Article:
A figure hurtles across a car park on a skateboard. On another day he plays punky riffs which echo out of his garage. These are not the weekend hobbies of a teenager whose politics can barely be articulated beyond anger at “the system” and whose intellectual curiosity extends as far as Trevor Noah. This figure is Beto O’Rourke, the Democrat who ran for the senate in Texas. Running for the reddest of Republican Seats, he came the closest any Democratic challenger has ever got to ousting the incumbent, Ted Cruz, just 2.6% behind. How much shady money did he have to accept to pull off this feat? None, he only accepted small donations from individuals. There was no compromise in his platform which was a liberal left agenda in a right-wing conservative state.
All across the US, the apparatchiks of the Democratic party establishment looked on in shock as younger, more vivacious, more ambitious (in terms of policy agenda not careerism) candidates ousted greying democratic incumbents in the primaries then take seat after seat from the Republicans. These young people, often women and people of colour, are the DSA, the ‘Democratic Socialists of America’. They include Alexandria Ocasio-Cortez, who is currently fighting for climate justice in a New York sit-in, Julia Salazar alongside her, Rashida Tlaib in Michigan and several others. If commentators are to be believed, we might be witnessing the rebirth of the Democratic Party in these inspiring young individuals and the movement behind them. For all the talk of the #resistance that has seemed so empty before, this might actually be the real thing.
Although, if this is a rebirth of the Democratic Party, there is still a long way to go. The mid-terms were really a mixed bag. It is a positive showing for the Democrats, but by no means gives us a clue as to who will win the next election, if anything following the historical pattern it may suggest that Trump will win a second term. Obama, Clinton, Reagan, Eisenhower and Wilson were all two term presidents and all underperformed in the midterms.
It genuinely is hard to tell who came out on top here. On the one hand, the house intelligence committee is now chaired by a Democrat, so the investigations will now be devised and directed by the Democrats, a major victory as the previous chair was a Trump loyalist. However, Democrat-supporting journalist and Vox founder, Ezra Klein, argues that the midterms may be the harbinger of a Republican Congress much more loyal to Trump. Some have lost in the midterms, others are retiring or are, in the case of John McCain, now dead. But, in any case, the resistance to Trump from within the Republican Party looks set to crumble, and a series of ‘Trumpian’ yes men may replace them. Although Trump has disregarded some liberal democratic norms, he thus far hasn’t done anything particularly dictatorial or that far out of step with the programmes of Bush, Reagan or Nixon. However, Klein argues that this may have been because there were experienced Republican dissidents warning him that he could be impeached at every turn. In the likely event that loyalists are appointed to the congressional vacancies, the worst of Trump’s impulses may be enabled, rather than chastised. Without these dissenting voices, we might start seeing the executive effectively merge with the judiciary and dissolve checks and balances. If the Mueller investigation starts looking like trouble for Trump, the backroom conversations in which he suggests firing Mueller might now be met with “good idea sir” rather than a public warning from the more moderate in his party.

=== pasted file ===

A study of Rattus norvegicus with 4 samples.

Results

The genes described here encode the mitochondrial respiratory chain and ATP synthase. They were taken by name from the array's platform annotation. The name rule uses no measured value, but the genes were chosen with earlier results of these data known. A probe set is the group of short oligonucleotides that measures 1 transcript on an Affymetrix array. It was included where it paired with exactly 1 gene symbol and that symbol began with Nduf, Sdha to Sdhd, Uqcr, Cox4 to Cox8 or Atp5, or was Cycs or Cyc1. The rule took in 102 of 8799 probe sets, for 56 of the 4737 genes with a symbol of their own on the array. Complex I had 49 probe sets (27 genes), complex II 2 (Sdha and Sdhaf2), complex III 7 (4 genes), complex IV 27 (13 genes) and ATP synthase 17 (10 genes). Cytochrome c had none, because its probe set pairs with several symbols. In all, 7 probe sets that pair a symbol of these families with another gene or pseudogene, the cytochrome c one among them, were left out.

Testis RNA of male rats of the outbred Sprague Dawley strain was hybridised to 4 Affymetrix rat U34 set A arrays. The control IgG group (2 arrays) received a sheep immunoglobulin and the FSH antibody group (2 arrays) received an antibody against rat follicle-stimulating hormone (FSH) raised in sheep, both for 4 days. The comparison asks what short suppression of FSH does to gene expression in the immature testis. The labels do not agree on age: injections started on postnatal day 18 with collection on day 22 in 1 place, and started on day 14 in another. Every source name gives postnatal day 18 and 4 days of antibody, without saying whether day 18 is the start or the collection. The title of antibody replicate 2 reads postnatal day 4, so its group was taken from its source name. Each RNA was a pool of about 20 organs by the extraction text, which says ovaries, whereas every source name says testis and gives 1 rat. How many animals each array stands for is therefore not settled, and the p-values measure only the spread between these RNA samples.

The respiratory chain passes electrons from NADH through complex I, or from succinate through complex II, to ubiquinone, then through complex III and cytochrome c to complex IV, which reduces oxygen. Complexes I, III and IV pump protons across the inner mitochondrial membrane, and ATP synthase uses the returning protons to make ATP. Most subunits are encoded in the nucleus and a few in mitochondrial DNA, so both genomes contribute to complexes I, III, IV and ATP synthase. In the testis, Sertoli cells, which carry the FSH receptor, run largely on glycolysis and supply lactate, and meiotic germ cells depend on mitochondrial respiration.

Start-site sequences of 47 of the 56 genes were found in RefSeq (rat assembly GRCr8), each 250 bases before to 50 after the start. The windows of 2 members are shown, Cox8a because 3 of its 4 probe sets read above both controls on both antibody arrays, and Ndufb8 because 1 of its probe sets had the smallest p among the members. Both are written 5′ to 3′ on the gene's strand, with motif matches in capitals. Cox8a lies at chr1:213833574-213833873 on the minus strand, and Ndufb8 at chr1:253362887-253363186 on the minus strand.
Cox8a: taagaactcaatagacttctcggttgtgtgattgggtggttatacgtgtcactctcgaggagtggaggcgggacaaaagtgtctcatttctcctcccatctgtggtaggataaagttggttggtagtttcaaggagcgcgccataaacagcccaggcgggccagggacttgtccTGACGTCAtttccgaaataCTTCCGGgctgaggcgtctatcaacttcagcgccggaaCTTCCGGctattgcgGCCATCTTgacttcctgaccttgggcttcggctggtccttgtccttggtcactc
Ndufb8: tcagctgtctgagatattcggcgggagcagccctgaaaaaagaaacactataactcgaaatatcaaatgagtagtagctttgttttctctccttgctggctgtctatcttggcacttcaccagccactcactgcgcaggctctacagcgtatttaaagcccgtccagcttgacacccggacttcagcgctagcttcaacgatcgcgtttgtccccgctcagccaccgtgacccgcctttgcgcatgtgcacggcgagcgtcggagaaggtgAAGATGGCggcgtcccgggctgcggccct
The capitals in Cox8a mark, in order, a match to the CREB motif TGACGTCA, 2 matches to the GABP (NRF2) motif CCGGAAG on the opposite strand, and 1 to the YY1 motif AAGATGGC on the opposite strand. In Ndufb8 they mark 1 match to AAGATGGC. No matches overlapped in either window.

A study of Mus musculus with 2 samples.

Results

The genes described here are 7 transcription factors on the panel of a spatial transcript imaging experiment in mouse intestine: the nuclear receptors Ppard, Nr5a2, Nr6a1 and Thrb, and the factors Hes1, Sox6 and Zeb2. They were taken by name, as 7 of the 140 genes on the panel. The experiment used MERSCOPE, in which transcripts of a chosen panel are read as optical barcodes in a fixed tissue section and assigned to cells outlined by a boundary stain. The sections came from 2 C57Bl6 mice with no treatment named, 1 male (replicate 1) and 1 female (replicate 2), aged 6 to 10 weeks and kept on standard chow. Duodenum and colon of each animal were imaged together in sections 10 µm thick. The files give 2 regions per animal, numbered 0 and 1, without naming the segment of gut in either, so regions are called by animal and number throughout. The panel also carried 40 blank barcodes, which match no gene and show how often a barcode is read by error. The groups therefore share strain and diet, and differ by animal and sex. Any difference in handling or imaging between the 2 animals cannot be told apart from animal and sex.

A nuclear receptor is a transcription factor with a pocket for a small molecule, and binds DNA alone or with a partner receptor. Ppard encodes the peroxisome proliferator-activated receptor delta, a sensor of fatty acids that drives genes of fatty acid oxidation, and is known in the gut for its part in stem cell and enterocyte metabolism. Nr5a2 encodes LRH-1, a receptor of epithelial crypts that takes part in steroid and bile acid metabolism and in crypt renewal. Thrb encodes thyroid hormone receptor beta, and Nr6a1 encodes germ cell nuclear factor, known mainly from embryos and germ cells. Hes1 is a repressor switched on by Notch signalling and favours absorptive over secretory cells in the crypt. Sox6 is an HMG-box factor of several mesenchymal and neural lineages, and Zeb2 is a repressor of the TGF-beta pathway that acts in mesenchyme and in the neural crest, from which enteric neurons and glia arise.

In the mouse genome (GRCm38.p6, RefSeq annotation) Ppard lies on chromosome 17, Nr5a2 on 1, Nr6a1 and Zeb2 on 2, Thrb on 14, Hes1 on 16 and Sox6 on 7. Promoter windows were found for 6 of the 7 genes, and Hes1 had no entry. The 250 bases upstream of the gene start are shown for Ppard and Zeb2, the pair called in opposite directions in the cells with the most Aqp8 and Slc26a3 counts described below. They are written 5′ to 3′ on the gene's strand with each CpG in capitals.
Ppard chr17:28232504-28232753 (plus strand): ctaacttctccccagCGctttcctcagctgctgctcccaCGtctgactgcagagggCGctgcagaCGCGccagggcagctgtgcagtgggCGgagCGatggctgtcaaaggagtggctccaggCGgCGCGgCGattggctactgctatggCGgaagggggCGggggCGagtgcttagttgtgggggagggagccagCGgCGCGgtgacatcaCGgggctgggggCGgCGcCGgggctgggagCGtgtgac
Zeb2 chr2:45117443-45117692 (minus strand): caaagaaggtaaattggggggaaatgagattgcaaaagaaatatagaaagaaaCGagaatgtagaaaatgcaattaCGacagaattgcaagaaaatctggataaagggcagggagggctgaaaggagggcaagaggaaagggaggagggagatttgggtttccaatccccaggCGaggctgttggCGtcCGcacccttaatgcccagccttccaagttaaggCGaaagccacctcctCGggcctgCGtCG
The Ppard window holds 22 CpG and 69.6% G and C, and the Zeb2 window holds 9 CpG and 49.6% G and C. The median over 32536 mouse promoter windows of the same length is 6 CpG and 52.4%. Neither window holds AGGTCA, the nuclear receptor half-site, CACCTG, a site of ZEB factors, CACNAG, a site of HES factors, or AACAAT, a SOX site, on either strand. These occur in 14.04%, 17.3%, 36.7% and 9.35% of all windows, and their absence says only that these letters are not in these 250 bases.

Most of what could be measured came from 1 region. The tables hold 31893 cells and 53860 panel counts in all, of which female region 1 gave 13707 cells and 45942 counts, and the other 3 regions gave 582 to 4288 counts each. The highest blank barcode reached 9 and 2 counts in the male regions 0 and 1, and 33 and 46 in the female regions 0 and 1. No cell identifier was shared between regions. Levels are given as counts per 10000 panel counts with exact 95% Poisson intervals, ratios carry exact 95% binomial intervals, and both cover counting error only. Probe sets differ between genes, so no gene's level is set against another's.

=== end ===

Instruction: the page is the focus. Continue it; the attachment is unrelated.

For all the talk of the #resistance that has seemed so empty before, this might actually be the real thing
There were high-profile scalps for the Democrats at the level of governor elections. Scott Walker, a hard-line, prominent Republican was ousted as Republican Governor of Wisconsin. But, there were also notable failures: in Florida, a weak Republican candidate held on, and in Massachusetts, in a traditionally blue area a Republican maintained a solid majority. This was progress for the Democrats after their wipe-out in 2010, but it is not the gutting of the Republican party that they would need to ensure an election victory.
What was striking about this election was the level of what in the UK we would probably call corruption that has gone on. Lines for voting extended beyond three hours in some places. There were essentially mass disenfranchisements which targeted specific groups, as anti-voter fraud law got stricter (despite the rate being minuscule) and, worst of all, the Republican candidate for the governorship in Georgia was currently employed as the election rules administrator for Georgia, in a truly shocking case of flagrant cheating. What’s perhaps most troubling about this though is that although the gerrymandering and intimidation of voters was baked into the system even before Trump, it is now just reaching its logical absurd conclusion and seems more pertinent in an age in which we are beginning to fear for the survival of liberal democracy.
What we have learnt from the midterms is that 2020 is very much open. There are rumours of Beto O’ Rourke running for president or as a high-profile VP; perhaps the Democrats will, revitalised, take back the White House as the other side of America they seemed to have shown at these midterms makes its voice heard. Or will the historical trends leave us with four more years of Trump? Only time will tell.